Thoughts on the Chemex

After giving in to the curiousity caused mostly by Tonx‘s postings on it, I bought a Chemex. Before it arrived it turned out Anette had bought me a bigger, better version. Which was a pleasant surprise.

It has become my standard way of making coffee at home if I am relaxing or working. Part of the slightly unscientific way in which I use it bugs me. I am never really quite consistent with my dose, and the period of time where you soak the grounds in a little water (the “bloom” as Chemex likes to call it) varies a little as well.

This afternoon's Chemex

I like the coffee I get out of it very much, and it is a very pretty vessel. It could just be the coffees I am using with it but I do tend to get cups with great mouthfeel, lovely sweetness but often not quite the nuance and character I know the coffees are capable of. Don’t get me wrong – I love the coffee it makes, yet I worry I am doing something wrong or am missing a trick somewhere. That or maybe that’s just the kind of coffee it makes.

Comments from fellow Chemex owners very welcome. What kind of dose/grind are you using?

5 Comments

  1. The Chemex is great. I wrote a tutorial a few years ago to help the beginner.
    Chemex Brewing

    The photos are no where near the quality found on this site.

  2. I have been experimenting with the Chemex lately. I have the 10 cup model. I been getting decent results brewing 0.75l, but not been able to get any good results for a full 1.5l. Have been inching my way from 0.75 to 1l and plan to work my way to 1.5l. Slowly increasing the volume and playing with the grind to get the best results.

    I got my best result ever with 55 g for 1l (keeping things as standard as possible ;-) The grin is 20 above true zero on a Rocky – don’t know what that corresponds to. I let the water rest for 45 seconds after boiling with the lid off. Gives approx. 93-94 in the coffee when the filter has been filled up (after letting it bloom for 30-40 seconds).

    As I would expect it is very sensitive to the water temperature – or time I let the water rest after boiling. But I am amazed on how stable the brewing temperature is (measured with thermocouple) over the entire brew time. Stays at 93-94 for the first 4 minutes or so.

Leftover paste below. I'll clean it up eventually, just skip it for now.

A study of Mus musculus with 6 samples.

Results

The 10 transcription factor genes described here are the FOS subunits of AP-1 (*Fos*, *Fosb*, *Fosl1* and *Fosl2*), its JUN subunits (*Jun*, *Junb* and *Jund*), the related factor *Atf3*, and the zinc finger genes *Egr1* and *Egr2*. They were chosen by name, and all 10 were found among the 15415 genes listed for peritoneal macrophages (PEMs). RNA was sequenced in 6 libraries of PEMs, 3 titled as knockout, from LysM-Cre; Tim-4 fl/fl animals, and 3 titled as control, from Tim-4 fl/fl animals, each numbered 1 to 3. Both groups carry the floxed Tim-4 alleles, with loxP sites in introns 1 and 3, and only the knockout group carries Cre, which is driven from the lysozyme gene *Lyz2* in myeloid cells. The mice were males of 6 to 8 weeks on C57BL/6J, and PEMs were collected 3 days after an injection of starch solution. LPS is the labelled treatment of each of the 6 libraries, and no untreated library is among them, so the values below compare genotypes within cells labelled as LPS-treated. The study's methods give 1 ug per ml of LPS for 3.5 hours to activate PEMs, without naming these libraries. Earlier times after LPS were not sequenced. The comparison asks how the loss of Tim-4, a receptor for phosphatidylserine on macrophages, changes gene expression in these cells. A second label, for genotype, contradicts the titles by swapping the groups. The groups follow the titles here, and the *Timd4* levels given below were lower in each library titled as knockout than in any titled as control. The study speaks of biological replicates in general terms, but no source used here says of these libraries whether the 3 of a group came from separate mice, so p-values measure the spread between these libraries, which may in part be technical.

I just pour woter in the middle, avoiding to wash the coffee grind off the sides. But then make sure that the filter is full of water all the time. I have found it much easier to get consistent results this way, as opposed to pouring water all over the top

    Once I get to 1.5l, which would be nice when having many guests, I will start experimenting with bloom time and other variables.

    I have been wondering if there is an optimal amount to brew on the Chemex, possibly for each coffee even. As you go up in volume the brewing takes longer and thus requires a different grind to avoid overextracting. In the french press you can use any combination of steep time and grind and I have found I get different characteristics depending on which combination I use. But in the Chemex the steep time, grind and volume are linked.

    Love the coffee from the Chemex obviously – otherwise I wouldn´t spend that much time perfecting it ;-)

  3. Hey Jim,

    I’ve had similar findings, namely very bright, well balanced coffee from the Chemex, though with a faint suggestion that, somehow, notes that would come out of the Bodum are not present. Some folks say to rinse the filter paper with several cups of near boiling water prior to adding ground coffee – may help.

    For dose and grind, I fear I am much less methodical and standardized than you must be (I love the Square Mile videos). I use 1 level to slightly rounded 2 tbsp. scoop of beans per 8 ounces of water. 3 such ‘cups’ gets me to the top of the dot on the 6 cup glass-handled model (for which I would use three 2 tbsp. scoops of beans). My grind is between 17 and 19 on a recalibrated (for espresso) Baratza Virtuoso. Before the recalibration, I ground on 14, which is slightly finer than for automatic drip.

    I may be doing it all wrong, myself, but am enjoying life and home roasted coffee (except for espresso – I’d be a sucker for punishment if I tried roasting my own espresso blends, esp for the volume I go through!).

    Cheers!

  4. I’m just like you, Jim. Find the Chemex a worthy adversary and hence valuable teacher. Of course, I know next to nothing so take my little blog experiment with a grain of salt.